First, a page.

Two high-level probe committees will be formed to identify those responsible for mistakes and distortions in the textbooks distributed this year, said Education Minister Dipu Moni on Tuesday.
“I see identifying errors in the textbooks very positively,” she told the reporters at a press briefing on the corrections of mistakes in the textbooks of the new academic year at the International Mother Language Institute of the capital.
The outline of these two committees will be presented by next Sunday (January 29, 2023), she said, adding that officials from the Prime Minister's Office, Education, Primary and Mass Education ministries and related ministries will be involved in the committee, reports UNB.
“A committee will consist of experts for each subject and the ministry will provide an online form for revision of textbooks,” she said.
“In this form, people from the country and abroad will have an opportunity to inform the ministry about errors or inconsistencies in textbooks,” said Dipu Moni.
Experts will review all the textbooks again and will take note of the mistakes identified in the textbooks and fix them and those corrections will be sent to the educational institutions, she added.
The other committee will be formed with representatives from the Prime Minister's Office, representatives from two ministries, representatives from the National Curriculum and Textbook Board (NCTB) and officials of the ministries concerned, the education minister said.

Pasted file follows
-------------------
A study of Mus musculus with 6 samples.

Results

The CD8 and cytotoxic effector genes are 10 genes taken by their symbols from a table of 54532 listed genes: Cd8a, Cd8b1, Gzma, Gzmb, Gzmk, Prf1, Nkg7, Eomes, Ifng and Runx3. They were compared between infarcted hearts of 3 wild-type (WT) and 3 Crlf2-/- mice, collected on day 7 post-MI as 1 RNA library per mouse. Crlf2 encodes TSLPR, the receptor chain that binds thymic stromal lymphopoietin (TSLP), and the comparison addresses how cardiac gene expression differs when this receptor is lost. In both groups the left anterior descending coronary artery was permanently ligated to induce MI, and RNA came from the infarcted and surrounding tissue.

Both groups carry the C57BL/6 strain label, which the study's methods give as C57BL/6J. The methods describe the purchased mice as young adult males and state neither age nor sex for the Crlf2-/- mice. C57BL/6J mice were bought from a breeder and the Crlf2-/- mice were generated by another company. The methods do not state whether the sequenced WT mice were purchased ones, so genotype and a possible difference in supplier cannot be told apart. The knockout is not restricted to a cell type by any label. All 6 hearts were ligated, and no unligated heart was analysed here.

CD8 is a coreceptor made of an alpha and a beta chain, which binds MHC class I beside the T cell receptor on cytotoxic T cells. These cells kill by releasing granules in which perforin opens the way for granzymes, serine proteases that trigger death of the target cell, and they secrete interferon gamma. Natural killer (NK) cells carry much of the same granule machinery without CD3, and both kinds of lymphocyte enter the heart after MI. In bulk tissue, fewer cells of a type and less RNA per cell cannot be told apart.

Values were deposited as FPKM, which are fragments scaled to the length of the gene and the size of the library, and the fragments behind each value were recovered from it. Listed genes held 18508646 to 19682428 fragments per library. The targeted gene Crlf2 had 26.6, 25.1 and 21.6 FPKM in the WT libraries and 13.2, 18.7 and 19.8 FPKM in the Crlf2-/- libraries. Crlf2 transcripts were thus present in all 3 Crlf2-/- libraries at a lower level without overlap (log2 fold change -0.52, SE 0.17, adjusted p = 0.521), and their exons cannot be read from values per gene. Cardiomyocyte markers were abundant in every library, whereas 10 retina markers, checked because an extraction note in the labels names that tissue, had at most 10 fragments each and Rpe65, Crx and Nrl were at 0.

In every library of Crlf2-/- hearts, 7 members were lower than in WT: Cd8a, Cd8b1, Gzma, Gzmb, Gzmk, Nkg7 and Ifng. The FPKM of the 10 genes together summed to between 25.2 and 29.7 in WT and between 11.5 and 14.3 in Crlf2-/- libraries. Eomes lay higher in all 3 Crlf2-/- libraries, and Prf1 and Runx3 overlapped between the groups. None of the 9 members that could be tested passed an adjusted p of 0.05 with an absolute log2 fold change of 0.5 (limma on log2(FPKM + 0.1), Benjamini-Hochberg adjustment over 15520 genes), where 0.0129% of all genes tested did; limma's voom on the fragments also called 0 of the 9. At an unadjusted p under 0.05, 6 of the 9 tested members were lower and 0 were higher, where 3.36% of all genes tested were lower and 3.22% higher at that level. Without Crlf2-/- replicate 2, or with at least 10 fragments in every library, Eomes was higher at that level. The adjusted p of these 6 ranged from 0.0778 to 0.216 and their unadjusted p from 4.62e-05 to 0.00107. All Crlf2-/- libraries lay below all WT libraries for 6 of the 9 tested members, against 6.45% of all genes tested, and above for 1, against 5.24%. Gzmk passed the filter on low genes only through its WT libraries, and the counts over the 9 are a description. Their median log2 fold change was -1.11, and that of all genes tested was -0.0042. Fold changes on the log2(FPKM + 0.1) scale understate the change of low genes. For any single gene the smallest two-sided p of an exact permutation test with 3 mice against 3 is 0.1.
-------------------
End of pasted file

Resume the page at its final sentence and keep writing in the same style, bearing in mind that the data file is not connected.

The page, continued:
“It will be investigated whether the mistakes and controversial topics in the textbook were intentionally added or not.”
Earlier, NCTB provided corrections for nine mistakes they found in three textbooks of classes 9 and 10 this year.
NCTB issued a notification in this regard on January 15, 2023, and posted the corrections on its website.
Besides, eminent writer and academician Dr Muhammed Zafar Iqbal and Professor Hasina Khan expressed regret over the plagiarised content found in the class 7 science textbook that they had edited. They also took responsibility in a statement.
As part of the new curriculum from this year, science textbooks for classes 6 and 7 were printed and distributed to students as ‘Anusandhani Path’. In an article published on a daily, a complaint was raised over copying some sections of this book from the National Geographic educational site.